KARACHI: The sales pitch employed by Elixir Securities CEO Junaid Iqbal to global fund managers at the Pakistan Capital Markets Day in New York last month was simple: even if the incumbent government returns to power after the upcoming elections, the Karachi Stock Exchange (KSE)-100 Index is still likely to post returns of over 21% in 2013.
In case a more pro-business government – supposedly led by the PML-N – comes into power, the stock market will rerate from the current multiple of 6.9 to 7.9, if the projections of the Elixir Securities research team are to be believed. That would push the index to 23,200 points by the end of 2013, which translates into an annual return of 38%.
In the best-case scenario, wherein the new political leadership tries to fix the taxation system in its first months in power, Elixir Securities estimates the KSE-100 Index will likely touch 26,000 points by December 2013, which means a staggering 54.8% annual return.
“The market is operating at an average multiple. In the absence of any leverage, there are no associated risks. It is being driven purely by earnings growth right now,” Iqbal told The Express Tribune in an interview.
Initially planned as a one-day event (hence named the Pakistan Capital Markets Day), Elixir Securities’ two-day road show in the global financial centre was attended by 35 fund managers, partners and principals from 25 major international asset management companies and hedge funds. Elixir Securities also took along representatives from Engro Corporation, Engro Foods, Lucky Cement and United Bank Limited. Iqbal was accompanied by the heads of his research and sales departments.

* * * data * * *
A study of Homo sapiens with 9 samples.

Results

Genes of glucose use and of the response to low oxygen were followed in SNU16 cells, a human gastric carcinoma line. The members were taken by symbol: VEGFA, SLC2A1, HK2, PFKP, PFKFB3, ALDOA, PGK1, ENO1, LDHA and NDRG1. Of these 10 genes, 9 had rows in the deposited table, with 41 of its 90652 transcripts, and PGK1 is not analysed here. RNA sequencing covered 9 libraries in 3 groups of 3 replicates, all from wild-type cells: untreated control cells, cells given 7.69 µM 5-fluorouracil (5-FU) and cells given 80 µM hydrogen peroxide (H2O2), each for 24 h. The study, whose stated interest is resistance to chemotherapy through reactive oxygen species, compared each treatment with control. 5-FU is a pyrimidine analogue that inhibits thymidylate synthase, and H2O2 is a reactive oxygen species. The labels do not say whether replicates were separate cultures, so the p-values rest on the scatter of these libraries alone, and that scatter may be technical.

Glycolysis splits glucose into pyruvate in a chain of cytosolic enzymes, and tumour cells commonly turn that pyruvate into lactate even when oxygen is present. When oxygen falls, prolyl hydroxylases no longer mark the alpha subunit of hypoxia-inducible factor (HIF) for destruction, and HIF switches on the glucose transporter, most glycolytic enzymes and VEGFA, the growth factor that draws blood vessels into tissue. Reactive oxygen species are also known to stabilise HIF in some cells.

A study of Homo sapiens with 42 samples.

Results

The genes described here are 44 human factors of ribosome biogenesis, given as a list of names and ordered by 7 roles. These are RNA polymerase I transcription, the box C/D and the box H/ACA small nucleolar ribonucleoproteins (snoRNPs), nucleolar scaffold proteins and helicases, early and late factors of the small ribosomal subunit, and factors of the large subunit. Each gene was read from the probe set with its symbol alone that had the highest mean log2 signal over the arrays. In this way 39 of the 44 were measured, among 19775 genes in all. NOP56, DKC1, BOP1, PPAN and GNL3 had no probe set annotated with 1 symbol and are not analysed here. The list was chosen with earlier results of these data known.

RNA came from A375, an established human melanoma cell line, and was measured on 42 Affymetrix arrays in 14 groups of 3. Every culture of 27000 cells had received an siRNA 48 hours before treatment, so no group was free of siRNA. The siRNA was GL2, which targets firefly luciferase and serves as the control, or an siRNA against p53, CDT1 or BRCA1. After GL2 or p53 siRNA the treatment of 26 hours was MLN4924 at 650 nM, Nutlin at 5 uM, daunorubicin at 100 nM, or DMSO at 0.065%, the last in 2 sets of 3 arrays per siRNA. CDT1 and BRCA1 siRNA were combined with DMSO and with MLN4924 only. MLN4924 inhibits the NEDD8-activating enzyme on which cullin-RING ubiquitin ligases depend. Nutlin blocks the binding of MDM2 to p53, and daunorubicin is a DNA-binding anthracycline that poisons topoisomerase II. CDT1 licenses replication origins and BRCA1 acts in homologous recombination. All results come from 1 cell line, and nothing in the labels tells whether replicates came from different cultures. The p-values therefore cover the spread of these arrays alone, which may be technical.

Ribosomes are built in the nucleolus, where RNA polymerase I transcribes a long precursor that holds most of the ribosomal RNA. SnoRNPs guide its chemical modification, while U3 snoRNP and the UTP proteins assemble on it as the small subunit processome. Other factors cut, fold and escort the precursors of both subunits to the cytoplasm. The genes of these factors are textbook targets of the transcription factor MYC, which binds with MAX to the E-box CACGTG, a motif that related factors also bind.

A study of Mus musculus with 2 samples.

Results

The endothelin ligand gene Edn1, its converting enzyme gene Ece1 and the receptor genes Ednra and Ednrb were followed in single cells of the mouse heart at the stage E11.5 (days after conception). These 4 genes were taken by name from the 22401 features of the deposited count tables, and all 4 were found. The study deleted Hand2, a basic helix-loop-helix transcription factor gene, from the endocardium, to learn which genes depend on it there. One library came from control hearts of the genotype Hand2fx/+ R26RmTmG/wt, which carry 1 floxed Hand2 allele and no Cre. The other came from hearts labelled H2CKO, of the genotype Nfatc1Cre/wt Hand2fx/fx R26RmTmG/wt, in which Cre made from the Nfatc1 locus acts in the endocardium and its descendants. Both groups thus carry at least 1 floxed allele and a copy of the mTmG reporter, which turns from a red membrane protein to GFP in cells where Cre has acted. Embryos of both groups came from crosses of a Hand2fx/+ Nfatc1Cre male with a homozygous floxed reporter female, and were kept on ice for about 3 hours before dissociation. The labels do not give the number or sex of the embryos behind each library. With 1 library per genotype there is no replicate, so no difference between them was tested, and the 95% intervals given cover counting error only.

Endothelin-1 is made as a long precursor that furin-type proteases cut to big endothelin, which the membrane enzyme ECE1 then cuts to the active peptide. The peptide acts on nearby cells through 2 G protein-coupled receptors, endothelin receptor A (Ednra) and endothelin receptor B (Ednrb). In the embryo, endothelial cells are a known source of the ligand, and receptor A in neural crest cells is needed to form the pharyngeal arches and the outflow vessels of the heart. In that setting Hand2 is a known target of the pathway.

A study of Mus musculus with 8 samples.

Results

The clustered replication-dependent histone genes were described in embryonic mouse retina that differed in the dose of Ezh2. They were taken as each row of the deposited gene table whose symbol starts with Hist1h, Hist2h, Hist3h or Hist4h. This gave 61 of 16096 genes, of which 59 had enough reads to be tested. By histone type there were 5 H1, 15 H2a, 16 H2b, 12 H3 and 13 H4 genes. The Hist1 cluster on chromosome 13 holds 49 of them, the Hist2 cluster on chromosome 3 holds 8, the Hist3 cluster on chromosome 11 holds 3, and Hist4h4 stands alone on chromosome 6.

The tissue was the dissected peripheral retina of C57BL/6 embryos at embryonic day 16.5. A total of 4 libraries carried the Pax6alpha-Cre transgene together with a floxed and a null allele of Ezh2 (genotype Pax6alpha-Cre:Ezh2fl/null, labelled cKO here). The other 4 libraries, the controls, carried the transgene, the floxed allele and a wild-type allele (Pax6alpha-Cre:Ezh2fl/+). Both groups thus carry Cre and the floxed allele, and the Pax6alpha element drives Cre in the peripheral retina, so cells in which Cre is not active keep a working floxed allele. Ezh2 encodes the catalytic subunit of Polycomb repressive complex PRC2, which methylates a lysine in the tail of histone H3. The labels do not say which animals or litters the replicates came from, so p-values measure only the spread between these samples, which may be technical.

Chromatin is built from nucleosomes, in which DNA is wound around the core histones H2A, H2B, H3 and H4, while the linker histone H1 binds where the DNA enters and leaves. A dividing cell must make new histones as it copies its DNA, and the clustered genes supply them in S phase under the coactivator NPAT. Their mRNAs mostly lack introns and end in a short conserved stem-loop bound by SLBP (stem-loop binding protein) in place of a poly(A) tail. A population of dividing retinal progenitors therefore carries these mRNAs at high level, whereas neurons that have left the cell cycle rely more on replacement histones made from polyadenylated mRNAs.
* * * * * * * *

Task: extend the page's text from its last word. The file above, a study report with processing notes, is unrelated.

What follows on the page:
“All of them wondered how Pakistan’s capital markets could perform so well amidst bombings and violence,” he said, while noting that the KSE remained the third best-performing stock exchange of the world in 2012 by posting 37% returns in dollar terms, despite political instability and frequent terrorist attacks.
“I told them, honestly, that we cannot defend Pakistan on its human rights record: but the fact remains that the annualised growth in profits of the corporate sector for the last four years has been 17%,” he said.
“They understand that a political metamorphosis is taking place in Pakistan. At the same time, they are supremely impressed by the quality of management in our corporate sector,” he added.
Without naming the funds or giving their exact number, Iqbal said many of the companies he interacted with in New York have already consented to visit Pakistan in the near future. He said that it is not possible to state the exact amount of foreign institutional portfolio investment that is likely to come in as a result of his road show, but added that he was confident that investment will soon be coming into Pakistan’s capital markets.
He cited two reasons: firstly, all of the participants, which included some of the largest global funds, had sent their senior team members – something that shows how seriously they viewed Pakistan’s financial sector. Secondly, he noted, they were all ‘knowledgeable investors’ who had already developed deep understanding of issues ranging from the suspension of gas to Engro’s $1.1 billion fertiliser plant, to turf wars in Karachi involving the People’s Aman Committee.
“Pakistan is already on their radar. Our market will skyrocket once the law and order situation improves,” he said.
Published in The Express Tribune, March 9th, 2013.